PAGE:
The National Shippers Strategic Transportation Council, an industry association representing shippers, on Thursday, June 21, sent a letter to all Highway Bill Conference Committee members encouraging them to promptly enact a bill that will fund infrastructure construction and maintenance. NASSTRAC represents manufacturers, retailers, wholesalers and distributors that rely on efficient over-the-road freight transportation.
The current three-month highway bill extension, which is set to expire June 30, is the ninth since the September 2009 expiration of SAFETEA-LU, the most recent long-term transportation funding law. Rep. John Mica and Sen. Barbara Boxer on Thursday said the committee members have moved forward toward a bipartisan bicameral agreement and will continue to work with a goal of completing a package by next week.
Committee staff will work through the weekend converting that agreement into legislative language, while discussion turns to other portions of the bill, including the Federal Motor Carrier Safety Administraiton safety title, transit and the funding piece. House and Senate leaders have indicated that once all the transportation pieces have been resolved, leadership will step in to reconcile the coal ash and Keystone Pipeline provisions.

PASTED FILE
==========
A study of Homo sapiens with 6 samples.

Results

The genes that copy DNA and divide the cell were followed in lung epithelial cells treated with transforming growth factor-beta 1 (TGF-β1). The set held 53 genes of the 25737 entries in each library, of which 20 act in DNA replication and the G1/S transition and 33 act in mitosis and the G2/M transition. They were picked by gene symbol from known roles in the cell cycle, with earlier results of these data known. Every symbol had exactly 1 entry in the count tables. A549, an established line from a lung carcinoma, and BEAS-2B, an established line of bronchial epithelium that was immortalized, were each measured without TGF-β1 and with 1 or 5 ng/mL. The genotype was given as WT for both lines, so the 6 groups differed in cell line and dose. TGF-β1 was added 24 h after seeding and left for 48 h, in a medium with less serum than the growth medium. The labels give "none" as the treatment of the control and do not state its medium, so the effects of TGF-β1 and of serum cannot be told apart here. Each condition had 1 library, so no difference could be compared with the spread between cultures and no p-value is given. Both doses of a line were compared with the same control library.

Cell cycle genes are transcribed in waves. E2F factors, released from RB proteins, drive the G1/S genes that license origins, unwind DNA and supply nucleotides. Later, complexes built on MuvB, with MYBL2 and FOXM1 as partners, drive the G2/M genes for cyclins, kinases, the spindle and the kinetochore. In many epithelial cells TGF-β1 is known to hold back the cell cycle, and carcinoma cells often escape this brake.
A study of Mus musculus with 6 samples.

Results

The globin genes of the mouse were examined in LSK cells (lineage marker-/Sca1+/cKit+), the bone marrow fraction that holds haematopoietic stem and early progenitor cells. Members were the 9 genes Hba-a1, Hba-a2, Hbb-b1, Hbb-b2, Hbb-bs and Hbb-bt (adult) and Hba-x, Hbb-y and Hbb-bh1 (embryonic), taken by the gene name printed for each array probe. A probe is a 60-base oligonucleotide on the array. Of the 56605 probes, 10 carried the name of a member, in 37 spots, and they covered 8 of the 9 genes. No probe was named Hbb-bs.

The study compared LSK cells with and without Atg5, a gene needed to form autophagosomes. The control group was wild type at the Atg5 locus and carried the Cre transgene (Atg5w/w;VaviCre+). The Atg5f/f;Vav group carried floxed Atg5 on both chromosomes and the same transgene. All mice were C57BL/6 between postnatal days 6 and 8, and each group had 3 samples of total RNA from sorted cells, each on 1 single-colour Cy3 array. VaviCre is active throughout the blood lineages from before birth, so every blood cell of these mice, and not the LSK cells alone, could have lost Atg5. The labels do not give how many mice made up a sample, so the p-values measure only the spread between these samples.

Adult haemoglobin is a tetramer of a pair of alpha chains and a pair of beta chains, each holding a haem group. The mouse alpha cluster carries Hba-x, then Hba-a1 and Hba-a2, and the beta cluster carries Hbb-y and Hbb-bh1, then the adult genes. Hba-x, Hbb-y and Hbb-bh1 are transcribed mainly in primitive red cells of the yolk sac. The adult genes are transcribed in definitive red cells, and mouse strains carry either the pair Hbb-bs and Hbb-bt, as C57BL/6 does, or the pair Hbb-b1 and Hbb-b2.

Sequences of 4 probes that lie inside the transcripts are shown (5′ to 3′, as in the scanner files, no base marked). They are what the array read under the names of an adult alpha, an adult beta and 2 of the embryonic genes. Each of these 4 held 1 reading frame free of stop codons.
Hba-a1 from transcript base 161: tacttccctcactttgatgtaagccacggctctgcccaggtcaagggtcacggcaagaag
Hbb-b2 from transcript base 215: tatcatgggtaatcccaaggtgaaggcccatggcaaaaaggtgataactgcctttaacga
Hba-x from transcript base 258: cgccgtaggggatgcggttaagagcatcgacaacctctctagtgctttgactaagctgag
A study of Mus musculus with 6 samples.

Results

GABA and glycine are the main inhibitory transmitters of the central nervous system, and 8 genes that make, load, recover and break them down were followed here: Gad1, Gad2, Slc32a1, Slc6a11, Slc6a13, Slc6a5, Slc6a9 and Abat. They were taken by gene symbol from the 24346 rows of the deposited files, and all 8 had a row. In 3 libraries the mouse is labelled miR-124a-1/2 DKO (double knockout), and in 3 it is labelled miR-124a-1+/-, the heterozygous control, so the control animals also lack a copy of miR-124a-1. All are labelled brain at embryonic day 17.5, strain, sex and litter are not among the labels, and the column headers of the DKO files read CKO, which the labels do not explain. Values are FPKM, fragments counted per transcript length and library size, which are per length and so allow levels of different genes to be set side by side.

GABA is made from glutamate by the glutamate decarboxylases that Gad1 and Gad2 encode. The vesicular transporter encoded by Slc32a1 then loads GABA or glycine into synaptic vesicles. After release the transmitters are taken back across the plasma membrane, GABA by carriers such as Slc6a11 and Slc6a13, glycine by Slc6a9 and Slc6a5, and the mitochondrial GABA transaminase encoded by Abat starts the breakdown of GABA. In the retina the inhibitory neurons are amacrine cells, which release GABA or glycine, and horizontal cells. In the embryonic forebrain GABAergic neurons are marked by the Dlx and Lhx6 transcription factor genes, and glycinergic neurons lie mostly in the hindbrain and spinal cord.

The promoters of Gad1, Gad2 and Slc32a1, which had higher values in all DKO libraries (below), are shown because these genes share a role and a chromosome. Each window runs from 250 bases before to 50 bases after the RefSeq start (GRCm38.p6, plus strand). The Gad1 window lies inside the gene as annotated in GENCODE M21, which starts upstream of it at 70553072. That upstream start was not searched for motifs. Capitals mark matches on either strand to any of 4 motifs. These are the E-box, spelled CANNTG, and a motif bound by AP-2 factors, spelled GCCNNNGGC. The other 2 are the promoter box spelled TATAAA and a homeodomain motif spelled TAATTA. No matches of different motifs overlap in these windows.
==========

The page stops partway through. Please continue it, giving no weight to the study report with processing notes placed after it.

Once all the issues are resolved, staff will need to draft final language for review. Then the bill will need to move through both the House and Senate for votes. With only a few legislative days left, and most of the major issues still unresolved, completion by June 30 seems unlikely, meaning a 10th extension is likely going to be necessary in order to complete a bill.
The NASSTRAC letter said that without efficient trucking service that can accommodate projected future demand for high-quality freight transportation, shippers will be forced to devote increasing capital expenditures to inventories and warehousing for safety stock. The result will be less money to spend on investments, growth and jobs, and higher prices for consumers, as supply chain efficiency declines.
“Maintaining a strong and growing trucking industry is impossible if we continue to underfund our highway infrastructure,” said John Cutler, NASSTRAC’s legal counsel. “While Map-21 will not provide all the highway funding needed, it’s far better than inaction and will avoid further disruption of existing highway projects.” NASSTRAC joins several other industry associations in calling for highway funding based on no less than MAP-21 levels.
NASSTRAC also urged the conference committee to incorporate beneficial provisions from H.R. 7, the American Energy and Infrastructure Jobs Act of 2012, with particular support of provisions targeting motor carrier productivity. The provisions would permit states to allow longer and heavier trailers, consistent with safety and highway wear and tear, in order to accommodate increased demand without increasing the number of trucks on roadways.
“The resulting productivity gains are needed to offset governmental measures reducing productivity, such as changes in driver hours-of-service rules,” said Cutler. In addition, NASSTRAC supports streamlined procedures for permitting highway work, including building new highways and expanding old ones, and is against funding through higher tolls.